Today the House Human Services committee voted 9-2 in favor of advancing S.20, a bill that would allow dental therapists to offer care in Vermont.
Dental therapists are dental professionals with a scope of practice beyond that of a hygienist, but not as expansive as a dentist. Dental therapists are part of the dental workforce in Alaska and Minnesota, as well as more than 50 countries around the world.
S.20 passed the Senate last spring, and the bill now moves to the Government Operations Committee before getting to the floor of the House. The bill is supported by the Vermont Oral Health Care for All coalition comprised of over forty organizations, including health care providers and organizations that advocate on behalf of children, consumers and the elderly.
Below you can find a recent commentary by Sandy Joslin, a dental hygienist and case manager at the People’s Health and Wellness Clinic in Barre.
I am a Vermonter. A farmer’s daughter, born and raised on Edgemont Farm in Montpelier. I am also a dental hygienist who travels 296 miles every week to make a modest paycheck.
I am not complaining. Dental hygiene is the career I chose because I wanted to be able to support my family and make a difference in my community. I am proud of my Vermont heritage and my profession. But, after being in practice for 38 years, I am tired of working in a dental care system that often fails its patients and doesn’t provide professionals like me enough opportunities to grow and thrive.
It is time for a change.
As a little girl, I used to walk down to the Statehouse as a child and play on one of the canons that used to be on the lawn and wonder, with a child’s imagination, just what was happening inside that big beautiful Statehouse. I used to think it the highest calling to be a legislator in public service and to have so many people counting on your good governance.
I still think that, which is why I am calling on our Legislature to do what is right for the state of Vermont and pass S.20 this legislative session. S.20 will allow dental therapists to practice in our state. Dental therapists are oral health care providers that work with dentists much like physician assistants work with doctors. They provide routine and preventive care, allowing the dentist to focus on the most complex things that only they can do.
Dental therapists have been practicing in the U.S. to great success for more than 10 years and around the world for nearly 100. In Minnesota, dental therapists have expanded access to care for lower income children and have been so successful for one private practice dentist that he is expanding his practice and hiring another full-time dentist.
Here in Vermont, dental therapists would be educated at Vermont Technical College, where most of our hygienists are currently trained. They would practice in communities — in health clinics, nursing homes, school-based health centers — bringing dental care to where people live and work.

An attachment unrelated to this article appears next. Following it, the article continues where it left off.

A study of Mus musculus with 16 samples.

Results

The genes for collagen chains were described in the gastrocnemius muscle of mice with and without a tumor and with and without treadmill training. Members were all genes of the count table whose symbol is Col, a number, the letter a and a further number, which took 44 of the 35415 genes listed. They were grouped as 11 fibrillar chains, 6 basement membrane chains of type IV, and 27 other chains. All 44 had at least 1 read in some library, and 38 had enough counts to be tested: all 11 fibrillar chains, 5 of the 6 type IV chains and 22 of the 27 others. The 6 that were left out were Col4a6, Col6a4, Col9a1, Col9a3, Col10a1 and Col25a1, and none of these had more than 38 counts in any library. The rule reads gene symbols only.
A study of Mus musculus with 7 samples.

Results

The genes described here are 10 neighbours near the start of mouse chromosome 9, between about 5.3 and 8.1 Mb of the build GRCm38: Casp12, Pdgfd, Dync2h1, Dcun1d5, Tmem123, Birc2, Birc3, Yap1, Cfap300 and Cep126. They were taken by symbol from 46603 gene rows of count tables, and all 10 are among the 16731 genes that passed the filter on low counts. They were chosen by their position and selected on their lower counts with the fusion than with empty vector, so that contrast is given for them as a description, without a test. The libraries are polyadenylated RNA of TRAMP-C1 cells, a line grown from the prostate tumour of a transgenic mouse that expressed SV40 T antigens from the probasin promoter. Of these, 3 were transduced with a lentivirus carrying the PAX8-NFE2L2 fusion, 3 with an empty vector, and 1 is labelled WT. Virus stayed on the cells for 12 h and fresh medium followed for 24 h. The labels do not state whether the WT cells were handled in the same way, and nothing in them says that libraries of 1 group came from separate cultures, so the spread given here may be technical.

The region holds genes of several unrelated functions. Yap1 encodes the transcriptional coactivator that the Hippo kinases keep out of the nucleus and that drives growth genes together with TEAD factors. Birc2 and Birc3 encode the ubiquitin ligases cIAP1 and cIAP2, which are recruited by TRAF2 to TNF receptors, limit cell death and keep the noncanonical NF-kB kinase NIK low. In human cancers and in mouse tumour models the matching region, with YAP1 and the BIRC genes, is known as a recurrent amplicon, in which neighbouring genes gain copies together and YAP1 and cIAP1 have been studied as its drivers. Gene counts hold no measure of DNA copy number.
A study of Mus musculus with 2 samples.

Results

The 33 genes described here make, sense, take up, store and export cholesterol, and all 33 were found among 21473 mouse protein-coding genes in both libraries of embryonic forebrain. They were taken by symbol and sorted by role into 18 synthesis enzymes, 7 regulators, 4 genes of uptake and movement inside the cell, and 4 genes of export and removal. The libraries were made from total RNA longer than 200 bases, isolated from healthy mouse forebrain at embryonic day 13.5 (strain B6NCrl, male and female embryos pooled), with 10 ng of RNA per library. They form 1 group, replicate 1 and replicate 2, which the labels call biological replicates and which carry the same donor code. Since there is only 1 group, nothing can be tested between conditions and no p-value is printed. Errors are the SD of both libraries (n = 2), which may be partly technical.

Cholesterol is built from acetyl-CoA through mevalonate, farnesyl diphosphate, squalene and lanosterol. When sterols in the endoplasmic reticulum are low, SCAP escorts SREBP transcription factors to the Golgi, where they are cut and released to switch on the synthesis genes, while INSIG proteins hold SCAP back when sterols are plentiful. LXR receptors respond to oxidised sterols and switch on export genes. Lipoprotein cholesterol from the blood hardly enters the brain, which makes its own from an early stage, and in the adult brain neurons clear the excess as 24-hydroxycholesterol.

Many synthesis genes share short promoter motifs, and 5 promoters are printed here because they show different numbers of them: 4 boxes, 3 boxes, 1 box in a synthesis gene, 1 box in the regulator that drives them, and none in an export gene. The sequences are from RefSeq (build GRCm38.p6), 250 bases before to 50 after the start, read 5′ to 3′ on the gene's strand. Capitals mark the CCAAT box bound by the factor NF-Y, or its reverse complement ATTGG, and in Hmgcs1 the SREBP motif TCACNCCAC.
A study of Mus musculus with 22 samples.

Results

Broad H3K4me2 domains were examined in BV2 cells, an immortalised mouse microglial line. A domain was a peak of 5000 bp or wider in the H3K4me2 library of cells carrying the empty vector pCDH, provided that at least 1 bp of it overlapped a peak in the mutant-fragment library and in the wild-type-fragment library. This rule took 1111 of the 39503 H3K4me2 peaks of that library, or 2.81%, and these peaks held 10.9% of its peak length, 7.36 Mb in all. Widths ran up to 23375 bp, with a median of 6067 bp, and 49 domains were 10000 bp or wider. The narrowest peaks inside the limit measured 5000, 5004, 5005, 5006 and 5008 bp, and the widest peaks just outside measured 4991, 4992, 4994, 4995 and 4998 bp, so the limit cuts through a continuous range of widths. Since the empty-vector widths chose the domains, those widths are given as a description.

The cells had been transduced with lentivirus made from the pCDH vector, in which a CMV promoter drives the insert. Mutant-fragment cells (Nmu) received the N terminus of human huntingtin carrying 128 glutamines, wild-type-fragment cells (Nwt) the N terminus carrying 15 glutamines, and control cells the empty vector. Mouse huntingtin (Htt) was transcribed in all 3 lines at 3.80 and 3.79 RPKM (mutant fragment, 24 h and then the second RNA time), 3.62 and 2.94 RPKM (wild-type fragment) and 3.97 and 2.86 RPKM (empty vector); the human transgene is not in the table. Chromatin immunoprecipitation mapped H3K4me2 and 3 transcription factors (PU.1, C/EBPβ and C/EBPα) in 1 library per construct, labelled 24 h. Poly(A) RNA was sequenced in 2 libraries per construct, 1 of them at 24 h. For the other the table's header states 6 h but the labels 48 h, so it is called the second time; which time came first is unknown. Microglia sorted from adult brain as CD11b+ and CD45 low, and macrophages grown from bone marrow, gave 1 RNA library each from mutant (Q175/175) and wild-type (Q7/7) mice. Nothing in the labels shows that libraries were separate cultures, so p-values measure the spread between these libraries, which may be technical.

S.20 gives us an opportunity to advance the dental profession in our state. It will broaden the conversation between oral health care providers at every level and to allow the fresh air and creative problem solving we desperately need to address Vermont’s oral health crisis. And, we do have an oral health crisis in our state.
I currently work for three separate community health providers that treat our most vulnerable neighbors — not long ago, I treated a 16-year-old boy who had such rampant decay he was at risk of losing all of his teeth. He was one of the lucky ones because he got help in time. At People’s Health and Wellness Clinic in Barre, where I am the dental case manager and clinical hygienist, I talk to people every day who are in pain and at risk of serious infection if they don’t get care. And I see too many children who are prematurely losing their baby teeth and are at risk for rampant decay.
Passing this bill will allow Vermonters greater access to critically needed preventive dental services and will have an economic impact. S.20 will expand career opportunities and likely increase dental hygienists’ earning potential — vitally important things in a profession comprised primarily of women working to support their families. In addition, the uninsured will have greater access to preventive care and maybe, just maybe, stop seeking costly dental care in emergency departments around the state.
We are at a crossroads. The present dental care system needs to work better for patients who need care and the hygienists who want to do more for them. It doesn’t have to be this way. We can and we should choose change. Change that WILL make a positive impact in the lives of many, many children, young people, families, career men and women, and the growing population of elderly among us.
Your vote to bring dental therapy to Vermont can improve both the state of our economy and our dental health. We cannot afford to say no to this timely opportunity for growth. Please say YES to Bill S.20.